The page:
A strong plurality of Americans are seeking members of Congress who are more willing to compromise, but that impulse, so far at least, has not redounded to the benefit of either Mitt Romney or President Obama, according to the latest United Technologies/National Journal Congressional Connection Poll.
When asked whether they would be more or less likely to vote for a congressional candidate who “would make compromises with people he or she disagrees with,” a full 43 percent of respondents said they would be more likely to vote for that candidate, while only 20 percent said they would be less likely. Some 34 percent said that it would make no difference.
By contrast, back in May 2010, only 30 percent said that ability to compromise would make a difference in how they decided to vote. That’s a 13-percentage-point increase over the last two years.
When asked about the presidential race and reaching agreement with members of the other party in Congress, Americans gave higher marks to Obama. Forty-three percent said he would do a better job reaching agreement with the other party, versus 33 percent for Romney.
Cleavages along racial and party lines were gaping on this question. Non-Hispanic blacks were more than twice as likely as non-Hispanic whites to give a thumbs-up to Obama for being best at finding agreement with the other party. And a whopping 79 percent of Democrats saw Obama as better able to work across the aisle, while 73 percent of Republicans said the same for Romney. Independents split just beyond the poll’s margin of error, with 36 percent of them saying Obama would do better versus 32 percent for Romney.
The results of the survey don’t bode particularly well for incumbents. Only 14 percent of respondents said that they would be more likely to vote for an “incumbent running for reelection.” That’s the same level of anti-incumbent sentiment as two years ago, when voters ended Democratic control of the House.
Unlike 2010, however, there’s slightly less interest in electing political neophytes. Back then, 24 percent of voters said that they would be more likely to vote for a candidate who “has never held elective office.” That’s down to 19 percent in the latest survey, with a majority—51 percent—saying previous officeholding experience made no difference.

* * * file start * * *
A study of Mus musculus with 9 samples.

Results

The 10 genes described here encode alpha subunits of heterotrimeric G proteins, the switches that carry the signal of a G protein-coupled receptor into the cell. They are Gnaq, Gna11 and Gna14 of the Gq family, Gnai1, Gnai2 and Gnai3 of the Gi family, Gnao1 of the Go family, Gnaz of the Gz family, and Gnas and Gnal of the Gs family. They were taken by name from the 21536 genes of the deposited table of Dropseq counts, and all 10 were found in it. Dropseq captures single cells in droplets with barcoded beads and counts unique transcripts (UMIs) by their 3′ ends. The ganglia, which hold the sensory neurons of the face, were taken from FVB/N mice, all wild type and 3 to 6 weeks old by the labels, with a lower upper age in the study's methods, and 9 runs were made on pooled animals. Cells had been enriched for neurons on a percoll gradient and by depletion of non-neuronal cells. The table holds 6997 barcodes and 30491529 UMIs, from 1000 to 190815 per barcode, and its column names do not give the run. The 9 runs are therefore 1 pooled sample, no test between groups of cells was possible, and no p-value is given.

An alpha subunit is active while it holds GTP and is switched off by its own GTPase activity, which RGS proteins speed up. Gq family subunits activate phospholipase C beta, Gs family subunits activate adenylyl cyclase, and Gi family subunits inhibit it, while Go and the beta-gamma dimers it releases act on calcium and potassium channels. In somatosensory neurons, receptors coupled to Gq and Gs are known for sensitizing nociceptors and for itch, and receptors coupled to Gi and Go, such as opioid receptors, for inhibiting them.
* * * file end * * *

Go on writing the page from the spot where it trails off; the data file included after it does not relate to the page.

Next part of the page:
Does a newfound appetite for candidates who compromise benefit either Democrats or Republicans in Congress who vow to help implement their presidential nominee’s agenda? The answers are decidedly mixed. Those polled were asked if they would be more likely to support a congressional candidate who supported Obama or Romney “most of the time.” Just 28 percent of voters said they would be more inclined to back a candidate who would vote in support of Obama. That’s down a tick from earlier this year, when 30 percent of voters said that might make them more likely to vote for a congressional candidate.
Romney came in even lower, with only 18 percent of those surveyed saying that if a congressional candidate vowed to back a hypothetical President Romney’s position most of the time, they would be inclined to vote for such a candidate. Larger pluralities said that it wouldn’t matter.
The Congressional Connection Poll, conducted by Princeton Survey Research Associates International, surveyed 1,001 adults by landline and cell phone on July 19-22. It has a margin of error of plus or minus 3.8 percentage points. The poll is taken most weeks of the year when Congress is in session and is designed to give lawmakers—as well as other policymakers and the public—an in-depth look at where Americans stand on the most important issues that are facing Congress.
Digging deep into the survey results reveals a polarized electorate. On the question of whether they’d be more likely to support a congressional candidate who backed Obama most of the time, only 3 percent of Republicans felt that way, while only 5 percent of Republicans were more favorably inclined toward a congressional candidate who promised to side with Romney on issues most of the time. Among a group that has proved problematic for Democrats—white men without a college education—35 percent said that they would be less inclined to back a congressional candidate who supported Obama. Independents were less likely to back a congressional candidate who supported Obama than one who carried the flag for Romney.
When 80 percent of those polled say that the two parties have “been bickering and opposing one another more than usual,” that’s a difficult environment for either party to run in, especially when 52 percent say that “there have been good ideas” but fights between the parties have “blocked needed government action.”
On the other hand, the poll gives politicians breathing room to compromise—a particularly important gift to members as the August recess approaches and the lame-duck session of Congress looms.
This article appears in the July 25, 2012 edition of NJ Daily.